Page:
The Nerd Side Of Life

But Really, Who *Is* Disney’s Iconic Cruella de Vil?

Cruella De Vil, Cruella De Vil. If she doesn’t scare you No evil thing will… for decades that song has been stuck in my head since I first watched Disney’s “101 Dalmatians,” it’s a catchy tune, and if you just hum a few bars from it, you just may get it stuck in your head as well. But who exactly is Cruella de Vil and why is she so evil?

Before Disney released the live-action movie “Cruella,” starring Emma Stone as the titular character, Cruella de Vil has been one of Disney’s evilest of all characters. No seriously, “Cruel” and “devil” are right in her name. I mean, if being able to kidnap a bunch of puppies just to have their fur doesn’t define you as evil, I don’t know what will. Cruella is so evil that she beats out Freddy Krueger and the Joker on the American Film Institute’s list of the 100 Greatest Heroes and Villains.


Cruella in Print

Dodie Smith wrote “The One Hundred and One Dalmatians” in 1956, and introduced the world to Cruella de Vil. In the book, Mr. and Mrs. Dearly, the human owners of the dalmatians, are out for a walk when a car stops and out comes Cruella. “She was wearing a tight-fitting emerald satin dress, several ropes of rubies, and an absolutely simple white mink cloak, which reached to the high heels of her ruby-red shoes,” Smith wrote. Mrs. Dearly recalls knowing Cruella from school – and that she had been “expelled for drinking ink” allegedly. You may not remember the Dearlys because their names were changed to Roger Dearly and Anita Darling for the films.

In the novel, Cruella is married to a furrier, and tells Mrs. Dearly that she kept her last name only because she is the last surviving member of her family. Details are provided stating how Hill Hall became Hell Hall, the property where the dalmatians are held captive. After a night of thunderstorms, “the lightning was coming not from the skies but from de Vil.” (“Cruella” includes a scene at the mansion with similar weather.)

Besides all of this, Smith doesn’t say much more about the villain’s backstory. Though some characters differ between film and novel, the plot of The One Hundred and One Dalmatians is the same across all mediums: after the Dearlys’ dogs have puppies, Cruella tries to buy them, multiple times, but the family denies her requests every time. So Cruella, being the villain that she is, takes the matter into her own hands and hires thieves to steal the puppies. The adult dogs, Pongo and Perdita go on a mission to find them. When they do, they discover other puppies that were stolen as well. In a conversation between Cruella and the henchmen, she makes a statement, capturing her cruelty: “Poison them, drown them, hit them on the head. Have you any chloroform in the larder?”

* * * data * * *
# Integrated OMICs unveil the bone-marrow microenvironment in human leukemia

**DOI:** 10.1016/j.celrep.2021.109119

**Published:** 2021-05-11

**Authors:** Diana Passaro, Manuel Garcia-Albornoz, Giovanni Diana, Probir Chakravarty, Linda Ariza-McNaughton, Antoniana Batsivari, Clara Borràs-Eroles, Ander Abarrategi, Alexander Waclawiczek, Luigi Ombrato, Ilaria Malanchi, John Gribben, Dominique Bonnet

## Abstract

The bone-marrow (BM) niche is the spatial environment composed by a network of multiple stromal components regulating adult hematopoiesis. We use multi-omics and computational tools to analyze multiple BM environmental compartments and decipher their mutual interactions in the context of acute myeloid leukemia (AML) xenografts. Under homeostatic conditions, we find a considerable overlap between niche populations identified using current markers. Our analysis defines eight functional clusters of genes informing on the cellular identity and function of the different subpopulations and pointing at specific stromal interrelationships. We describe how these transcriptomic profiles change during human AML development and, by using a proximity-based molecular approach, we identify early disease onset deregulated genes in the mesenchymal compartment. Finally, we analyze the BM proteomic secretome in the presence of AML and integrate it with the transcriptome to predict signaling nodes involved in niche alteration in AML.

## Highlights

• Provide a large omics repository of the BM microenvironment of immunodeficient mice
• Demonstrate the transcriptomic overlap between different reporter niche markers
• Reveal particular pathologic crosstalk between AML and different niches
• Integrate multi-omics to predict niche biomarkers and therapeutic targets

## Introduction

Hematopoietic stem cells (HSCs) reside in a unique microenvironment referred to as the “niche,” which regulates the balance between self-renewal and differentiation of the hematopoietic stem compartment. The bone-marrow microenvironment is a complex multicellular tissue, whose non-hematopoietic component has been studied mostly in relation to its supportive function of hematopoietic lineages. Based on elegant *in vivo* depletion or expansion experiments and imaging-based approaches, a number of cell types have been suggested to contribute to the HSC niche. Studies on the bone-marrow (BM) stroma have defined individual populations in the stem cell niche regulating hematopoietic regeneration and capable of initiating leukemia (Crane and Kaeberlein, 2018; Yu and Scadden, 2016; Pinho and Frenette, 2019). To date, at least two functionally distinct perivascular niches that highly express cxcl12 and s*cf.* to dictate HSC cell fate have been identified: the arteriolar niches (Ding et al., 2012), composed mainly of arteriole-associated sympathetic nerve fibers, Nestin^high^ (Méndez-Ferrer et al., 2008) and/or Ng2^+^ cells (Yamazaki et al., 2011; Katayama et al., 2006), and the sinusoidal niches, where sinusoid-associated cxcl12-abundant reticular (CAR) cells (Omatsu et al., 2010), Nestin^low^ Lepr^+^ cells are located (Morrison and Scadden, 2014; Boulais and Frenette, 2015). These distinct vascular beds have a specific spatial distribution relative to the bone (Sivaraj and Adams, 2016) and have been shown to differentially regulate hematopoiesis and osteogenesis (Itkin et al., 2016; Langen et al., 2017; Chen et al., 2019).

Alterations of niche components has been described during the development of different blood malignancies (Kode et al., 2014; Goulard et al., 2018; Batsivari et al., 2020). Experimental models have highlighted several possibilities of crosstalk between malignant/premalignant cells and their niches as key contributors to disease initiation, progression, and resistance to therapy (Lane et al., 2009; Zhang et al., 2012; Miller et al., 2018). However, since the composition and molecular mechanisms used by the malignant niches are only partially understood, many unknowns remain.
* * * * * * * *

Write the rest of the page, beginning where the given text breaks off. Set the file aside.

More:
From Print to Screen

Cruella de Vil, Walt Disney

Walt Disney bout the rights for “The One Hundred and One Dalmatians” immediately after the book was published. The animated movie came to the big screen in 1961, marking this as Disney Animations Studios’ first Xerox processing done for the drawings. The movie was a tremendous success, and was the highest-grossing movie of the year. To this day, it has made over $300 million.


Brought to Live Action

Glenn Close, “101 Dalmatians” Walt Disney Studios

The animated movie was so popular that three decades later, a live-action version of the film followed with Glenn Close starring. In this film, Cruella was running her own fashion company, the House of DeVil. Perhaps this was inspiration for “Cruella,” in which Emma Stone plays an up-and-coming designer.

In the 1996 version, Close dressed in so many glamorous outfits that were so elaborate, she couldn’t sit down properly in them. Close’s Cruella to fans were more of a feminist icon in their eyes. Close said she enjoyed playing such a ruthless villain in an interview from 1996: “I think Cruella basically has no redeeming human characteristics. Except she does have a sense of humor, albeit wicked. She’s a GREAT character. She’s gleeful in her evilness, and there’s something very engaging about that.”

The New Take

Emma Stone as Cruella/ Disney

In the latest live-action Disney film, Stone plays a young de Vil. She’s a designer who lands a coveted job working for Emma Thompson‘s Baroness von Hellman, set in the 1970s London’s fashion scene. Stone said that she took inspiration for her version from both the animated movie and Close’s performance.

While fashion is one of de Vil’s central interests across each adaptation, it seems her iconic fur obsession was dropped in this film. In this version, de Vil does not and will not harm any animals. And as an animal lover myself, while it’s different to have the main villainous quality missing, this version is in fact a fresh breath of air for audiences. Perhaps because of the fervor of certain animal rights groups, the studio may have found it too risky to keep one of the signature characteristics of this villain.

Cruella” is in theaters nationwide and streaming on Disney+ with Premier Access.